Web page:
This post was prompted after reading Janet Given’s memoir, “At Home on the Kazakh Steppe”. My thoughts about the book are posted on Goodreads, Amazon and my review blog. Here however, I’m answering one of the discussion questions (at the back of the book). “How did ‘my’ experience living in another culture compare?”

Now, before the going gets going, let me slip in how I had to first check myself. Nothing can be more ‘wronger’ than plowing through an answer, mowing backwards from the start.

I looked up CULTURE. According to a number of sources; dictionary, Google, Wikipedia and etcetera, culture is commonly defined as a system of behaviors, beliefs, values, and customs a group of people pass on from one generation to the next.

No reading between any lines there, and just what I thought.

Not to be glib on the matter, since there are cultures that do adhere to distinctive jaw-dropping customs that transcend what I’m about to slide in here, but classifying principles and beliefs is not a topic I oversimplify.

I’ve come across a number of distinct corporate climates, a few so ‘grandfathered-in’ distinctive that it can take an employee a few years and a battery of training courses to get down pat. I’m also mindful of those seemingly benign trips ‘going down south’, a term one of my aunts keenly dislikes, or out west, up north and the likes…visiting relatives where I happened to note our inherited ‘value system’ morphed into other customs quite distinctive in anything from dialect or language, to behaviors, beliefs, values, dress, cooking, lifestyles, and conceivably more.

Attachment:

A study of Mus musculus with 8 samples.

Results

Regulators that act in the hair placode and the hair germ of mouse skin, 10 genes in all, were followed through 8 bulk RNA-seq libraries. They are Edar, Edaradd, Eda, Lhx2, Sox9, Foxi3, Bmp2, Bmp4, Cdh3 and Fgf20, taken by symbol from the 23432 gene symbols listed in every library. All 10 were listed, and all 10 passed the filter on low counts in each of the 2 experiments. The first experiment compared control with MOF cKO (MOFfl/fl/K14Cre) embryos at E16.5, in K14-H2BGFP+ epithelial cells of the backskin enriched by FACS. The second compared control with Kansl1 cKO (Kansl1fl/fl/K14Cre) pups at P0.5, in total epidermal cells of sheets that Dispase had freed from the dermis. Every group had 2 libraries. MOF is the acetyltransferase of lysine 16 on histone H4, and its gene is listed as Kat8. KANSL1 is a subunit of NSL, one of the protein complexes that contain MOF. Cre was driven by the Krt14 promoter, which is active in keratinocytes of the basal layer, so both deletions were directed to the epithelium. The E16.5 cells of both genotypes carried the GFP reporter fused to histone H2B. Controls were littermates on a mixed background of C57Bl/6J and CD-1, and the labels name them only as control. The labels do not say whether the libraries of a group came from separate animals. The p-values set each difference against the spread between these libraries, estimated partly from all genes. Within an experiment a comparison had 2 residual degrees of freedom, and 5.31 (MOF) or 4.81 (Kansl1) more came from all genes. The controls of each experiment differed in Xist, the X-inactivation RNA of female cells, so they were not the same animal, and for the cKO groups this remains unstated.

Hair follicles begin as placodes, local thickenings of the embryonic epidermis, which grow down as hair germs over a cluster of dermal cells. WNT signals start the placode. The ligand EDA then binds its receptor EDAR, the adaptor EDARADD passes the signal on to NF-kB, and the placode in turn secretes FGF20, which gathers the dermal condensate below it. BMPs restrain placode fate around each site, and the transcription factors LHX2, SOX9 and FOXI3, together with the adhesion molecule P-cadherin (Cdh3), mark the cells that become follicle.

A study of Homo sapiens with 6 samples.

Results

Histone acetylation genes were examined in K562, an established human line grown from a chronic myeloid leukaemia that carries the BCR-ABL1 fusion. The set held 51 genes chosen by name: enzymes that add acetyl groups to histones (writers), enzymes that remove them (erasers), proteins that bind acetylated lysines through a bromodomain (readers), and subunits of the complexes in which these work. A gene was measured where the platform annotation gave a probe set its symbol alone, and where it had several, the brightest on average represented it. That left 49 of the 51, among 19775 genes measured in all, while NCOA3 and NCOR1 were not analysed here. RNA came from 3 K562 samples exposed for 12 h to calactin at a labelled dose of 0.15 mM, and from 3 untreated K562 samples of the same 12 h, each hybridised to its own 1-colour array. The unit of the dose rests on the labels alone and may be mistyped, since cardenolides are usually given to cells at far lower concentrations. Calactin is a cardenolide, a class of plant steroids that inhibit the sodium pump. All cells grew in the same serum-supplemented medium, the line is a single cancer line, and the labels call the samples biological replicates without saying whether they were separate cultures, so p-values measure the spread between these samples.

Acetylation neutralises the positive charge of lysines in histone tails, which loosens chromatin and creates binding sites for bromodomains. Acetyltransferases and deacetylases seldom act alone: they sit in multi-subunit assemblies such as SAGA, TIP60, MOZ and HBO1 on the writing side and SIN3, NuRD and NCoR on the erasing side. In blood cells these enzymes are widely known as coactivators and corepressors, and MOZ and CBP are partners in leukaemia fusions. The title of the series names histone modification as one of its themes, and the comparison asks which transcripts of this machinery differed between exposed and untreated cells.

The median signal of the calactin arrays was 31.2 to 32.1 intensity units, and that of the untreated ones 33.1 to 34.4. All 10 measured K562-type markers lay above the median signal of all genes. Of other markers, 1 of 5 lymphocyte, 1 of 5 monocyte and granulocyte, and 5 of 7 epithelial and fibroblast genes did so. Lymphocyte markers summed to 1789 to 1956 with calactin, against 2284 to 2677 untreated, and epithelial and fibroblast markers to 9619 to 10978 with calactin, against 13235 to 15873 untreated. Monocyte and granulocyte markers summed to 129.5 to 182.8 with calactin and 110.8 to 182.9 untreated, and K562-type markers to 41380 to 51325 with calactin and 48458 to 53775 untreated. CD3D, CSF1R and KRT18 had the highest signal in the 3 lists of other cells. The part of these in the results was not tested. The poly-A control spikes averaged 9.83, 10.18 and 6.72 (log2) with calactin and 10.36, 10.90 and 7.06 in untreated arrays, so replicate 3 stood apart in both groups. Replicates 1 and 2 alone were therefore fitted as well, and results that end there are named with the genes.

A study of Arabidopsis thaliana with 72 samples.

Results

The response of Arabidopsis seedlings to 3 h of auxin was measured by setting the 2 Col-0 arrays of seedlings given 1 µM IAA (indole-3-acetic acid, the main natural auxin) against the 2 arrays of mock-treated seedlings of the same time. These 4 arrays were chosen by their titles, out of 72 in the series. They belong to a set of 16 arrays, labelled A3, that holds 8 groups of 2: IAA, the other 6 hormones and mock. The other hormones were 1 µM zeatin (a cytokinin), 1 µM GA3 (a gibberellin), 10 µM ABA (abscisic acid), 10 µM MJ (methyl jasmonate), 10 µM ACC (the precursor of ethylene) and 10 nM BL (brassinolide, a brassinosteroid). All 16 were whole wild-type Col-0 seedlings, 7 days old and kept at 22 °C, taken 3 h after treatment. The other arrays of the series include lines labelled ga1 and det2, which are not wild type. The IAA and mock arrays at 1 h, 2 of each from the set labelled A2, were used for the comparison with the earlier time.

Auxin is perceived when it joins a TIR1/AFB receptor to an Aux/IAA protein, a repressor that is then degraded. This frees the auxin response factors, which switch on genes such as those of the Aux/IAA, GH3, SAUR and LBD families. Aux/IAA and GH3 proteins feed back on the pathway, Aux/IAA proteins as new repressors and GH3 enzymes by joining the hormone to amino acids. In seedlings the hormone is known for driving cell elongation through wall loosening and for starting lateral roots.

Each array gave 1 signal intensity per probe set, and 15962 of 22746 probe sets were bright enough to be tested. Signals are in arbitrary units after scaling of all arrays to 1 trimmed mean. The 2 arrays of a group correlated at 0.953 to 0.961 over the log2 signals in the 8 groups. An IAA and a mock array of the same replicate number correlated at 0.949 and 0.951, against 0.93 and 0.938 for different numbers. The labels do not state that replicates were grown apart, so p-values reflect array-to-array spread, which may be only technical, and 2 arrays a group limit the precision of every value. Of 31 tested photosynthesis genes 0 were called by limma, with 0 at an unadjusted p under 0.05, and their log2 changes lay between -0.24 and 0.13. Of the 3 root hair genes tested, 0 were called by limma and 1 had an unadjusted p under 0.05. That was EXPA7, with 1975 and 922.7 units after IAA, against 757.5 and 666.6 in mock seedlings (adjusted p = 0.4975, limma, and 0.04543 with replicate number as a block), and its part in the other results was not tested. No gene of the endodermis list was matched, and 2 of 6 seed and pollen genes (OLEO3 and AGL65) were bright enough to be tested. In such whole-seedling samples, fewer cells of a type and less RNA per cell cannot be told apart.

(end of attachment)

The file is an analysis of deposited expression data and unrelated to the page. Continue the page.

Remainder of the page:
This is what came to mind when thinking about the question. ‘Going down south’ happened to be where my appreciation for culture first developed, and then broadened as I moved across the country... overseas... and changed careers. These societal contrasts, in part, led me to write an ethnology paper (briefly blogged here) on colloquial cultural differences within the U.S..

Thus, where I found my experiences comparable to those shared in the book, was in how the narrator came to terms with understanding vs. agreeing (or disagreeing) with perspectives of a practiced culture. To paraphrase, moving in and out of cultures is something like kicking off one pair of shoes and stepping into another. Or, in another manner of written speech it is similar to the way I approach reading books on a wide range of topics, also comparable to what was most remarkable about Janet’s approach to ‘making friends for America’ in Kazakhstan... the main thing I simply cherished about this story.